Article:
Tuesday, March 12, 2013

Trimming last year's bark graft

    Last summer I top-worked a pecan tree using a bark graft and I showed you every step I took from placing the graft to mid-summer tree training. You can review those steps by clicking on the following posts.

1. Top working with a bark graft
2. Bark graft bursting
3. Training a new bark graft
4. Summer training a bark graft
5. Painting a bark graft

   Since only fresh air could cure my cabin fever,  I decided to go out this afternoon and show you how I  make some important trimming cuts on one-year-old bark grafts.
    My first step is to use a knife to peel into the bark of the stock on the opposite side of the trunk from the scion (photo at left). This gives me some idea how far the stock has died back. The green and cream-colored area is live bark. The cinnamon-colored area is dead tissue. This bark graft is somewhat unusual in that the bark didn't die back farther down the stem. In any case, I now know where I can make an angled cut on the stock to speed the healing over process.
    I like to cut the stock off on least a 30 degree angle (photo at right). This cut will help the tree callus over the wound much faster and will help build a stronger graft union. If  the bark had died back farther down the stock, I would trimmed the tree at a steeper angle to remove all the dead tissue on the top of the stock. With the size of the root system under this tree, I wouldn't be surprised to see this graft healed over by the end of the summer.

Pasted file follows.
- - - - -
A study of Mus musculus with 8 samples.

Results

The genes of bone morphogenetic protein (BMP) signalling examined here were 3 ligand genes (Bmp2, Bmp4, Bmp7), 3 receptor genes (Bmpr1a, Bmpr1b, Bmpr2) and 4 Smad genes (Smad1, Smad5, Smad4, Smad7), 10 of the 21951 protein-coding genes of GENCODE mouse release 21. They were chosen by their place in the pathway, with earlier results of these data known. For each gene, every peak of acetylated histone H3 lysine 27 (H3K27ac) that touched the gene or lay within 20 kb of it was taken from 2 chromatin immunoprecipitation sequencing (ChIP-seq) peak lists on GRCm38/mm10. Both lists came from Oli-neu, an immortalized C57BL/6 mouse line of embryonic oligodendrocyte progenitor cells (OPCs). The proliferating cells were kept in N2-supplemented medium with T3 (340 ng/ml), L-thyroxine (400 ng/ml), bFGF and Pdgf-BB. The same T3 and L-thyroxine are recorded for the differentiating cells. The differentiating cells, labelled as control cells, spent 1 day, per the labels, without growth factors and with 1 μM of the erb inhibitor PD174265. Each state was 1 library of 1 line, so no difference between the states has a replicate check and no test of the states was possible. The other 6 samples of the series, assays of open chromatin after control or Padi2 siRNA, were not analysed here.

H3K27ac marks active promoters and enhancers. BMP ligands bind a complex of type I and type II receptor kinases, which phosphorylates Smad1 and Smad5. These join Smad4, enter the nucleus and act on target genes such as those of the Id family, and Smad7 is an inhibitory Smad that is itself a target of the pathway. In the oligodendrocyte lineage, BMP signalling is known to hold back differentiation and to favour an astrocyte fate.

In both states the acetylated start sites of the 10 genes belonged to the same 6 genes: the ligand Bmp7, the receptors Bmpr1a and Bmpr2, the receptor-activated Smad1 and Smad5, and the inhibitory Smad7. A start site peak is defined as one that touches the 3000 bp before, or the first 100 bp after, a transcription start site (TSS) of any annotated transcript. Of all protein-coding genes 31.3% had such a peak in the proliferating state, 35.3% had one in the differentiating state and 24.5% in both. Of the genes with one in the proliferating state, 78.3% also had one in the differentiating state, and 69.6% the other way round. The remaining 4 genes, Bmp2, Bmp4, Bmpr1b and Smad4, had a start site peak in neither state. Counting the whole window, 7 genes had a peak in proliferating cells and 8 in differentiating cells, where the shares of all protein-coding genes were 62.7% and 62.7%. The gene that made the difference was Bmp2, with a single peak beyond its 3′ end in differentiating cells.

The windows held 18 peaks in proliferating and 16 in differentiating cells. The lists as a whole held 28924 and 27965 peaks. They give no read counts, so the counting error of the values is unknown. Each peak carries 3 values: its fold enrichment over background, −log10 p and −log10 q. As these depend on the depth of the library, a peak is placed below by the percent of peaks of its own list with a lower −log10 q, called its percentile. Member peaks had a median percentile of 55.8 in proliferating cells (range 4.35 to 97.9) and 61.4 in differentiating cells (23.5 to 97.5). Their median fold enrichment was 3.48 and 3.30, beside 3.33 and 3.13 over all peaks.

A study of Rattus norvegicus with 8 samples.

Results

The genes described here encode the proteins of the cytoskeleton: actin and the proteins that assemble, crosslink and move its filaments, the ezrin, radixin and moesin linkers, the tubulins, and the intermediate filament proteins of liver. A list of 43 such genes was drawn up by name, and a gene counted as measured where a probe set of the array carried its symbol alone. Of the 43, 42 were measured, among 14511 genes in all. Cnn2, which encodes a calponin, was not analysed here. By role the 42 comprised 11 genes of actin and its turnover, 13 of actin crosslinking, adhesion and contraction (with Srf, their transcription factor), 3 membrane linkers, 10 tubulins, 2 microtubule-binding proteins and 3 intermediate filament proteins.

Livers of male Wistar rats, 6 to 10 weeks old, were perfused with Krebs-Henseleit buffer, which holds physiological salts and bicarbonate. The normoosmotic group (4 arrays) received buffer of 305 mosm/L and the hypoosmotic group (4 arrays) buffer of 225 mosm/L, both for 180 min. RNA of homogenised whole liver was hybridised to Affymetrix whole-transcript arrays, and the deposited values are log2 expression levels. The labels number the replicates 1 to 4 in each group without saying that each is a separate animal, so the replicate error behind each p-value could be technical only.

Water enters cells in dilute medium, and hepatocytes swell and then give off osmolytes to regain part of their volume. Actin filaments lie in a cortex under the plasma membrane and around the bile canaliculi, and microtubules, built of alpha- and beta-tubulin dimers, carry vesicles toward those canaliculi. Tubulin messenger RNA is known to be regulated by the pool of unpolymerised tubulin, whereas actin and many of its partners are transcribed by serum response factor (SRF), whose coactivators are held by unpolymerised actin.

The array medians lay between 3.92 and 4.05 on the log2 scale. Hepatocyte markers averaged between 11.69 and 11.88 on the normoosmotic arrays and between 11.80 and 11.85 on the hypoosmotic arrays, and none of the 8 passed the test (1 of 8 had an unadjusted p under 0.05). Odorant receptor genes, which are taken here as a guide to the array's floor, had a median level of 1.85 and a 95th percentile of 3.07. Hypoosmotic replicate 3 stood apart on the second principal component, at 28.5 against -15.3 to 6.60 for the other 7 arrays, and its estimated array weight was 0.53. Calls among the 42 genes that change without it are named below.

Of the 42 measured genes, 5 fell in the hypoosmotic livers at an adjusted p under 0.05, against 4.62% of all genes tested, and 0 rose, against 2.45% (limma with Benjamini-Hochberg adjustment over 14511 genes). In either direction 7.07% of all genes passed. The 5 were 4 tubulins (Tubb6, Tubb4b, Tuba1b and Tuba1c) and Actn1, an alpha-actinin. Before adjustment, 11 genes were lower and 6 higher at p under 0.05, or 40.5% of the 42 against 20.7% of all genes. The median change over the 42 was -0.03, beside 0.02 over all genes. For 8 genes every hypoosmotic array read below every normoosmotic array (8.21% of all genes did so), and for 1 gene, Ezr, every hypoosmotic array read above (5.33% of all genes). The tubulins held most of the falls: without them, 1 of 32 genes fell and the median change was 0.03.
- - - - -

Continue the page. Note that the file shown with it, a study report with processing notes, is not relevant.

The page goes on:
The graft is not the only part of this tree that needs trimming. As you can see in the photo at left, I always like to leave some nurse limbs on a top-worked the tree to help feed the root system with leaf-manufactured carbohydrates. However, you can also see that several of these side limbs have produced shoots that are growing straight up toward the sun (photo at left). These shoots need to be pruned off to help focus all the tree's energy on pushing the new graft.
    I removed about one third of the shoots on the side branches (photo at right). In making my pruning cuts, I concentrated on removing upward growing shoots leaving shoots that where growing laterally. With less direct competition, this graft is now ready to grow vigorously when spring arrives.